DCCLXXXIX.

A lawyer is wise according to human wisdom, a divine according to God’s wisdom.

DCCXC.

Ah! how bitter an enemy is the devil to our church and school here at Wittenberg, which in particular he opposes more than the rest, so that tyranny and heresy increase and get the upper hand by force, in that all the members of the church are against one another; yea, also we, which are a piece of the heart, vex and plague one another among ourselves. I am verily persuaded that many wicked wretches and spies are here, who watch over us with an evil eye, and are glad when discord and offences arise among us; therefore we ought diligently to watch and pray; it is high time—pray, pray. This school is a foundation and ground of pure religion, therefore she ought justly to be preserved and maintained with lectures and with stipends gainst the raging and swelling of Satan.

DCCXCI.

Whoso after my death shall condemn the authority of this school here at Wittenberg, if it remain as it is now, church and school, is a heretic and a perverted creature; for in this school God first revealed and purified his Word. This school and city, both in doctrine and manner of life, may justly be compared with all others; yet we are not altogether complete, but still faulty in our kind of living. The highest and chiefest divines in the whole empire hold and join with us—as Amsdorf, Brentius, and Rhegius—all desiring our friendship, and saluting us with loving and learned letters. A few years past, nothing was of any value but the pope, till the church mourned, cried, and sighed, and awakened our Lord God in heaven; as in the Psalm he says: “For the trouble of the needy and the groans of the poor, I will now arise.”

DCCXCII.

Our nobility exhaust people with usury, insomuch that many poor people starve for want of food; the cry goes, I would willingly take a wife, if I knew how to maintain her, so that a forced celibacy will hence ensue. This is not good; such wicked courses will cause the poor to cry and sigh, will rouse up God and the heavenly host. Wherefore i say: Germany take heed. I often make an account, and as I come nearer and nearer to forty years, I think with myself: now comes an alteration, for St Paul preached not above forty years, nor St Augustine; always, after forty years pure preaching of God’s Word, it has ceased, and great calamities have ensued thereupon.

DCCXCIII.

Dialectica speaks simply, straightforward, and plainly, as when I say: Give me something to drink. But Rhetorica adorns the matter, saying: Give me of the acceptable juice of the cellar, which finely froths and makes people merry. Dialecta declares a thing distinctly and significantly, in brief words. Rhetorica counsels and advises, persuades and dissuades; she has her place and fountain head, whence a thing is taken; as, this is good, honest, profitable, easy, necessary, etc. These two arts St Paul briefly taught, where he says: “That he may be able by sound doctrine, both to exhort and convince the gainsayers.” (Tit. 1.). Therefore, when I would teach a farmer concerning the tilling of his land, I define briefly and plainly, his kind of life; his housekeeping, fruits, profits, and all that belongs to the being of his life, Dialectice; but, if I would admonish him according to Rhetorica, then I counsel and advise him, and praise his kind of life, in this manner, as: that it is the most quiet, the richest, securest, and most delightful kind of life, etc. Again, if I intend to chide or find fault, then I must point out and blame his misconduct, evil impediments, failings, gross ignorance, and such like defects which are in the state of farmers. Philip Melancthon has illustrated and declared good arts; he teaches them in such sort, that the arts teach not him, but he the arts; I bring my arts into books, I take them not out of books. Dialectica is a profitable and necessary art, which justly ought to be studied and learned; it shows how we ought to speak orderly and uprightly, what we should acknowledge and judge to be right or wrong; `tis not only necessary in schools, but also in consistories, in courts of justice, and in churches; in churches most especially.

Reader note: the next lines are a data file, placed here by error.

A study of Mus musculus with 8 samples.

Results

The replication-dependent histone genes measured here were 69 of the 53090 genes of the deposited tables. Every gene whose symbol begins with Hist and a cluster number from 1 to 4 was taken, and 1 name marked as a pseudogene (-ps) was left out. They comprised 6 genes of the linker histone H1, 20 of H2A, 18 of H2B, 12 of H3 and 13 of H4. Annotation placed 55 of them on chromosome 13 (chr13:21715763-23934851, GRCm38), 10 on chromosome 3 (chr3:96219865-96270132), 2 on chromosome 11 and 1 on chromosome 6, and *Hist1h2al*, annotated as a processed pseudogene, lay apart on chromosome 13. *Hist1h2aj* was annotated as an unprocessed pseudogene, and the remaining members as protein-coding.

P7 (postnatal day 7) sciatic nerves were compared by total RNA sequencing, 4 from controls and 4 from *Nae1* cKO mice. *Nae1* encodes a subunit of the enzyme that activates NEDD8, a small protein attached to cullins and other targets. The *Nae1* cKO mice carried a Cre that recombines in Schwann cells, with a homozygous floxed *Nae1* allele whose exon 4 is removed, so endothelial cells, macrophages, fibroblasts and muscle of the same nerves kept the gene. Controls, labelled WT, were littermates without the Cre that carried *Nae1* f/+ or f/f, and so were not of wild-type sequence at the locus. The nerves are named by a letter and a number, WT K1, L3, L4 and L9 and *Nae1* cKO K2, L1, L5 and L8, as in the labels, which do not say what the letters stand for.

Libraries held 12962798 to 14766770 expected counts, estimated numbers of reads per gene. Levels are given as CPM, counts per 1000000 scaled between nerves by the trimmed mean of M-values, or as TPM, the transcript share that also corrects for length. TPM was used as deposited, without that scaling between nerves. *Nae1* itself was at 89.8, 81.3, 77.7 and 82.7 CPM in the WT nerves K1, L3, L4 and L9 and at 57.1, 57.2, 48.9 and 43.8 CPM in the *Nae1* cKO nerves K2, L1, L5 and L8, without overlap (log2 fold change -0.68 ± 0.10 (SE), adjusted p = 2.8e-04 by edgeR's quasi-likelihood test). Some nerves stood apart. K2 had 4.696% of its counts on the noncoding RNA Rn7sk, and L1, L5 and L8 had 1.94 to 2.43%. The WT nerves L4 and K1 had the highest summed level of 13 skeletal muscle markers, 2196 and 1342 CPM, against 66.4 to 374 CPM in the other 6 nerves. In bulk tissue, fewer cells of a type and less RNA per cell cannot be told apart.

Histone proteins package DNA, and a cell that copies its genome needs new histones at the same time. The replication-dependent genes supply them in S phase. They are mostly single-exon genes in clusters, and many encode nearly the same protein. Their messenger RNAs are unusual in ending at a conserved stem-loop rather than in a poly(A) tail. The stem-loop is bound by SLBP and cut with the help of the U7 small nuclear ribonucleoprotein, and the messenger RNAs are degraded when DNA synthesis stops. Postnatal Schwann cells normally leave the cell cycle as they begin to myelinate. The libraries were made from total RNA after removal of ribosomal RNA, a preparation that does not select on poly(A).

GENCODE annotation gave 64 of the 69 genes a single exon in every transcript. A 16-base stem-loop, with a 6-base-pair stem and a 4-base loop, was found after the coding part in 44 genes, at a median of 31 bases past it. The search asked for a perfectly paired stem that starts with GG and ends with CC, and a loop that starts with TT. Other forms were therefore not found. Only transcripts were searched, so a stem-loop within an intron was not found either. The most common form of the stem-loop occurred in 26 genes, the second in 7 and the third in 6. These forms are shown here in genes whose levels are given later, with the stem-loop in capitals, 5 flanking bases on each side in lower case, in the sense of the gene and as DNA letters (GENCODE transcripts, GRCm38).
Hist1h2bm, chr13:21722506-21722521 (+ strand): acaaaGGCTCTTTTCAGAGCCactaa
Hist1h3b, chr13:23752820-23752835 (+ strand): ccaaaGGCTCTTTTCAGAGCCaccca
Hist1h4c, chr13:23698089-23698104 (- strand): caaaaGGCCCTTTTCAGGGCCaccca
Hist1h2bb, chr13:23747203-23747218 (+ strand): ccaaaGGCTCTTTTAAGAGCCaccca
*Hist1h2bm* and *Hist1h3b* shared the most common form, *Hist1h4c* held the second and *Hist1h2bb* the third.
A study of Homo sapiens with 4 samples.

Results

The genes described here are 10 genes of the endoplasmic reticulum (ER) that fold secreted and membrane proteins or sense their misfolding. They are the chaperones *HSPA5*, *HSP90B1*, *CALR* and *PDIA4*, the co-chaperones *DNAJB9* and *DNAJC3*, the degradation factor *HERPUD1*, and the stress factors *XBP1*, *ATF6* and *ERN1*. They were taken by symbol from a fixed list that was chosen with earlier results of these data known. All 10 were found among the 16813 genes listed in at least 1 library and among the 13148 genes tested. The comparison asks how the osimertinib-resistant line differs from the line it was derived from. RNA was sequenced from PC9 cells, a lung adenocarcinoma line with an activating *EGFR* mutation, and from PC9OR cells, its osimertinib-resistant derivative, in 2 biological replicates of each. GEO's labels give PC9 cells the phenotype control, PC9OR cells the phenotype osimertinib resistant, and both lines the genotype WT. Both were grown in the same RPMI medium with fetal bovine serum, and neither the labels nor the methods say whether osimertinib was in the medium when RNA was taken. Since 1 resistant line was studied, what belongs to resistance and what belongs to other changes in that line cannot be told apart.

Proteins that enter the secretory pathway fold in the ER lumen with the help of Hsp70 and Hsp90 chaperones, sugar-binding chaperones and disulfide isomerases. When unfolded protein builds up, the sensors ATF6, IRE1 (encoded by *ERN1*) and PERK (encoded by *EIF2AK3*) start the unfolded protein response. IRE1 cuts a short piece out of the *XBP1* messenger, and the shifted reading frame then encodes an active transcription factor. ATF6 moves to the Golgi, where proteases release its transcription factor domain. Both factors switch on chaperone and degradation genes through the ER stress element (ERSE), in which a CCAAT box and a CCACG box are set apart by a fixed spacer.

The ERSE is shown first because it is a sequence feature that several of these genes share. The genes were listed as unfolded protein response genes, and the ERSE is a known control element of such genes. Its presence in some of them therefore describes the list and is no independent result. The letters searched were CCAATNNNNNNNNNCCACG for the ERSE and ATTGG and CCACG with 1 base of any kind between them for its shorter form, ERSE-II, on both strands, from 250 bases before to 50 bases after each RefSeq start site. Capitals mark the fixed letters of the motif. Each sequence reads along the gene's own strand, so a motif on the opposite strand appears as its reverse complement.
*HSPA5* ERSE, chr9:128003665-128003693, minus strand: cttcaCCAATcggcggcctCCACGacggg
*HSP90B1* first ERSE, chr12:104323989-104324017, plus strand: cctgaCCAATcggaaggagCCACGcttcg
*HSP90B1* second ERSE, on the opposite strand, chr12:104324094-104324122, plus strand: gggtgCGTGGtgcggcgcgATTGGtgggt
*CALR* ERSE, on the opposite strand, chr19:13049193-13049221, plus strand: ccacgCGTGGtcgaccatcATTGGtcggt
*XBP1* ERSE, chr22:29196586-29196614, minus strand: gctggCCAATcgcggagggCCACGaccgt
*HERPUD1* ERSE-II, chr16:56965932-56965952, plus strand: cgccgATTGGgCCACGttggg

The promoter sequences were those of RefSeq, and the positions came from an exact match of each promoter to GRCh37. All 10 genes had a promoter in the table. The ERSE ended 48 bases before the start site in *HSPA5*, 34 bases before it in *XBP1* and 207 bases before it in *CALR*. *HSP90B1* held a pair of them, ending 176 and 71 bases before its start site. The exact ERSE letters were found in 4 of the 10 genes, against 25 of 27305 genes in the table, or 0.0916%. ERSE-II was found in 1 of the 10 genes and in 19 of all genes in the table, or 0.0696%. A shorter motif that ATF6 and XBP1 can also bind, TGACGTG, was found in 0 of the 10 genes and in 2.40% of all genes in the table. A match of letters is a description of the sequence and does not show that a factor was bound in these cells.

DCCXCIV.

I always loved music; whoso has skill in this art, is of a good temperament, fitted for all things. We must teach music in schools; a schoolmaster ought to have skill in music, or I would not regard him; neither should we ordain young men as preachers, unless they have been well exercised in music.

DCCXCV.

Singing has nothing to do with the affairs of this world, it is not for the law; singers are merry and free from sorrows and cares.

DCCXCVI.

Music is one of the best arts; the notes give life to the text; it expels melancholy, as we see in king Saul. Kings and princes ought to maintain music, for great potentates and rulers should protect good and liberal arts and laws; though private people have desire thereunto and love it, yet their ability is not adequate. We read in the Bible, that the good and godly kings maintained and paid singers. Music is the best solace for a sad and sorrowful mind; by it the heart is refreshed and settled again in peace.